His first ball was an accurate slider, hurrying Hayden into a defensive stroke. He was still desperate for one more wicket before he went. Had he got it, he would have been desperate for one more. He changed angles, he went over the wicket, round the wicket, then back over, and then round again. Every time he came close to beating the batsmen, his arms went up in the air.
That clip is from a Cricinfo article on Anil Kumble's last few moments on an international cricket field. It could as easily have been written any time during the past 18 years-nothing characterized him as much as that hunger, that desperate desire for wickets that powered every single ball he bowled.
'India's greatest match winner' has been used to describe him so often as to become cliche. Why did we need this constant reminder, when the facts spoke for themselves? Suresh Menon has an answer:
He played 41 Tests fewer than Kapil Dev to go past Kapil's Indian record of 434 wickets; he bowled India to more victories than the entire spin quartet of the 1970s, yet he was condemned to being defined by negatives. The pundits told us he did not spin the ball, that he did not have the classic legspinner's loop, that he did not bowl slowly enough to get the ball to bite. Kumble was described by what he did not do rather than by what he did.
Why do we underrate Kumble, India's greatest match-winner? There are two reasons. One is the nature of the man himself. Kumble is undemonstrative and quietly confident rather than a noisy performer drawing attention to his deeds. The other is the nature of the aesthetics of cricket appreciation. This involves snobbery of a kind that is not associated with any other sport. It is more blessed to make a stirring 30 full of poetry-provoking strokes than a dogged half-century that might lead to a victory. This is the game's conceit - it is better to score a flamboyant 25 than to win, or to bowl that extravagant googly that has 50,000 spectators catching their breath than to get a batsman bowled with a straight delivery.
In trying to sum up Anil yesterday, while the emotionalism of his retirement was strong in the air, I managed one word: dignity. Dileep Premachandran provides another: humility.
After all was said and done and the match called off, he came back out to be chaired around the ground, part of the way on the shoulders of the man who will succeed him as captain. For someone who scaled the greatest heights, it was one of the very few occasions during the 18 years when his feet actually left the ground.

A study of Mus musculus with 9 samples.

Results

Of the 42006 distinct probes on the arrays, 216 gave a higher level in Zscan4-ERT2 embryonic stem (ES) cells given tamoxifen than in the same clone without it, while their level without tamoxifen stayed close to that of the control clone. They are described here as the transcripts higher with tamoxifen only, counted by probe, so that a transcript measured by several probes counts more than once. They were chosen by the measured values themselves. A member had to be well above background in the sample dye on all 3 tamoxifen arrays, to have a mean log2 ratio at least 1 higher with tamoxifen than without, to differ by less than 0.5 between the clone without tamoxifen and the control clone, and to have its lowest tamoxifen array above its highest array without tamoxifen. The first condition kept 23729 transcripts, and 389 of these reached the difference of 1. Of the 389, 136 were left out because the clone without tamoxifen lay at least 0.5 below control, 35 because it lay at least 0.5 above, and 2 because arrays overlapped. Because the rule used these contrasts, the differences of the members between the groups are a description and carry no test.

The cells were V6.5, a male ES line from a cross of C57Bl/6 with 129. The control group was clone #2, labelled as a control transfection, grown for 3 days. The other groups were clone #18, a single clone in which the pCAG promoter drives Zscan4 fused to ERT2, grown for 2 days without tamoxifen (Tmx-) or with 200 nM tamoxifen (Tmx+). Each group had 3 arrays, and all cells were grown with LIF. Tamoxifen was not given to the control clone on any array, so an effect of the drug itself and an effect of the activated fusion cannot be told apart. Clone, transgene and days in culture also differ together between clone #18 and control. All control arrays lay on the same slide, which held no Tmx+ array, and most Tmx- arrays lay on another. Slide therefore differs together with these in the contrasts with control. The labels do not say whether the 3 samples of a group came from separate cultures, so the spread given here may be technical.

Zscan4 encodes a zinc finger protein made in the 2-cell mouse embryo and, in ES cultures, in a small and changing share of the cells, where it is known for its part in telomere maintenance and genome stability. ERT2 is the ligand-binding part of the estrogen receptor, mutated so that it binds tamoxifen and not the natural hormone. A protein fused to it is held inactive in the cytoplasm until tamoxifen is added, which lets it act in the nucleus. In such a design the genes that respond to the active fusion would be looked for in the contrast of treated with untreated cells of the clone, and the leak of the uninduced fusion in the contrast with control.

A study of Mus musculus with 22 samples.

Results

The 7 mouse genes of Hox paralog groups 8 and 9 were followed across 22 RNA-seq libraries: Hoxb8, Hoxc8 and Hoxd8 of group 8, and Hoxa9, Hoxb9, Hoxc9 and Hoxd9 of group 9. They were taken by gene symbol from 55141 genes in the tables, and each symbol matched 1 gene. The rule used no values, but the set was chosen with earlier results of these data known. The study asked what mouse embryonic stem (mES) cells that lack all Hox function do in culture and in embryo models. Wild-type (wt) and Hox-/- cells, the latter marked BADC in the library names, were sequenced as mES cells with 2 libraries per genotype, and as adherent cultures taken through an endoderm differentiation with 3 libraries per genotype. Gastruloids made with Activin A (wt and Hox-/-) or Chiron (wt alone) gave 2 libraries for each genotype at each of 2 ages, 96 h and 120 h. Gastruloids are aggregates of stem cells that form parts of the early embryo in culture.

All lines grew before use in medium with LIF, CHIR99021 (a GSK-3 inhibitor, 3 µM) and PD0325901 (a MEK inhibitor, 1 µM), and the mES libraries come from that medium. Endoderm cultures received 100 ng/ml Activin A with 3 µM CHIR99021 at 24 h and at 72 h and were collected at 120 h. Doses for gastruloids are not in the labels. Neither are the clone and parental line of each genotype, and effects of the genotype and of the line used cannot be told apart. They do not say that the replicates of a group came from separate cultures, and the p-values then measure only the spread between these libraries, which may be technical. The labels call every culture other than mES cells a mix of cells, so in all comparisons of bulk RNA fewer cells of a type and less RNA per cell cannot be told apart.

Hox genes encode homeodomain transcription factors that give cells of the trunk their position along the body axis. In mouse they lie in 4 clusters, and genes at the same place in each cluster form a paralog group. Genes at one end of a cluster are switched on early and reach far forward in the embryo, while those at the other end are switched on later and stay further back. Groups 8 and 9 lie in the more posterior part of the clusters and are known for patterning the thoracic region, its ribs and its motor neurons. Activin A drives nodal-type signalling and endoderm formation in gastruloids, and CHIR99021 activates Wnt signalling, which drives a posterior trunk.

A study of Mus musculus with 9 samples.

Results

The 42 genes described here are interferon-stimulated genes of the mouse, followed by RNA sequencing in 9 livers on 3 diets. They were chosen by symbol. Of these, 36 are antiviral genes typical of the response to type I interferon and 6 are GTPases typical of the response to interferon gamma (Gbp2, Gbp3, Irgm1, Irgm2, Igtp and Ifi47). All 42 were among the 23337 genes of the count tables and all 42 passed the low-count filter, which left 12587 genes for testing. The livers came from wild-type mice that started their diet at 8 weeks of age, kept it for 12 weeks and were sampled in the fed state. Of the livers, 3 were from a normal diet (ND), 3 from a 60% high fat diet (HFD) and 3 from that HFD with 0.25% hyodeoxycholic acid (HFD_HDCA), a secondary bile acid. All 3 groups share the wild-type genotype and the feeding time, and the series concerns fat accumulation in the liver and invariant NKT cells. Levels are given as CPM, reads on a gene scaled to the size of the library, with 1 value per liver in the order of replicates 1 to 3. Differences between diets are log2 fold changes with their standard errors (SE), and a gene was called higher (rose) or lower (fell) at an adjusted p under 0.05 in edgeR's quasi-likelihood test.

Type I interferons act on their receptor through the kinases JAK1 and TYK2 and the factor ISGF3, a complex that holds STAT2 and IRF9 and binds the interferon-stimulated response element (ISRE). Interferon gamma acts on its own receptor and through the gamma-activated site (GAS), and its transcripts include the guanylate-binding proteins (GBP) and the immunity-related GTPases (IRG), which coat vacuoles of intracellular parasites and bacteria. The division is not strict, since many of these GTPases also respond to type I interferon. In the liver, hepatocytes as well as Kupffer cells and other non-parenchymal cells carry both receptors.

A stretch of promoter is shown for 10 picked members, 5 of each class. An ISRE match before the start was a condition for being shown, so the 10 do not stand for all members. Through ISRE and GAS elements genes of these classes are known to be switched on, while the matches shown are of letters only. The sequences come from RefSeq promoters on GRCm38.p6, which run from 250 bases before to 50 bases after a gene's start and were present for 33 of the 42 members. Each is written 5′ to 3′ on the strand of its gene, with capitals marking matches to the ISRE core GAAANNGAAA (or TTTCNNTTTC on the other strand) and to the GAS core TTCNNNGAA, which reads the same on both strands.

Suresh was right when he pointed out that Kumble, throughout his career, has been defined by what he did not do rather than what he did. And that negative definition, common currency for much of his career, has often triggered debate about his continued presence in the side. I remember one such occasion when I thought, and wrote, that picking him for a particular upcoming series was a bad move [I was blogging from the US then; my colleague in Rediff, Harish Kotian, had much the same message, buttressed by a lot of numbers]. Anil ended up outperforming every other bowler on both sides, taking 24 wickets in the series, including innings hauls of 8 wickets, six wickets, and five wickets.
That's always been the problem with attempting to analyze Kumble-the tools at your disposal are numbers, statistics, and some theory. All useful tools when analyzing the average cricketer, but of absolutely no use when employed to parse Anil Kumble, because the one thing statistics can never measure is the intensity of desire, the fierceness of the competitive spirit, the largeness of the heart. Anil, perhaps alone among Indian cricketers of my generation, was one who always felt what Barack Obama called the fierce urgency of now. Tributes from friends and admirers have been pouring in, but perhaps the best summation comes from someone who, during his tenure as Indian coach, viewed the leg spinner with respect bordering almost on awe. From a Peter Roebuck piece [and relating to the series in which I made that enormous blunder]:
Years ago, I asked Wright why he had brought a bowler as aged and limited as Kumble to Australia. He said: "I need him in the rooms." Next day he took five wickets and later India won the match.
What greater tribute can there be for any of us than for our peers to say, 'I need him!'? And while on need, this is Great Bong on his blog, rounding off a tribute:
But now that he is gone and we can no longer take him as a "given", maybe we will understand how important his grating accuracy and his relentlessness was to India's performances. In the Delhi Test, when Kumble was way below par, I think we already got a glimpse of the future--that a Laxman double century or a sublime innings from Sachin count for little unless there is good old Jumbo to hammer in the nails on the coffin cover.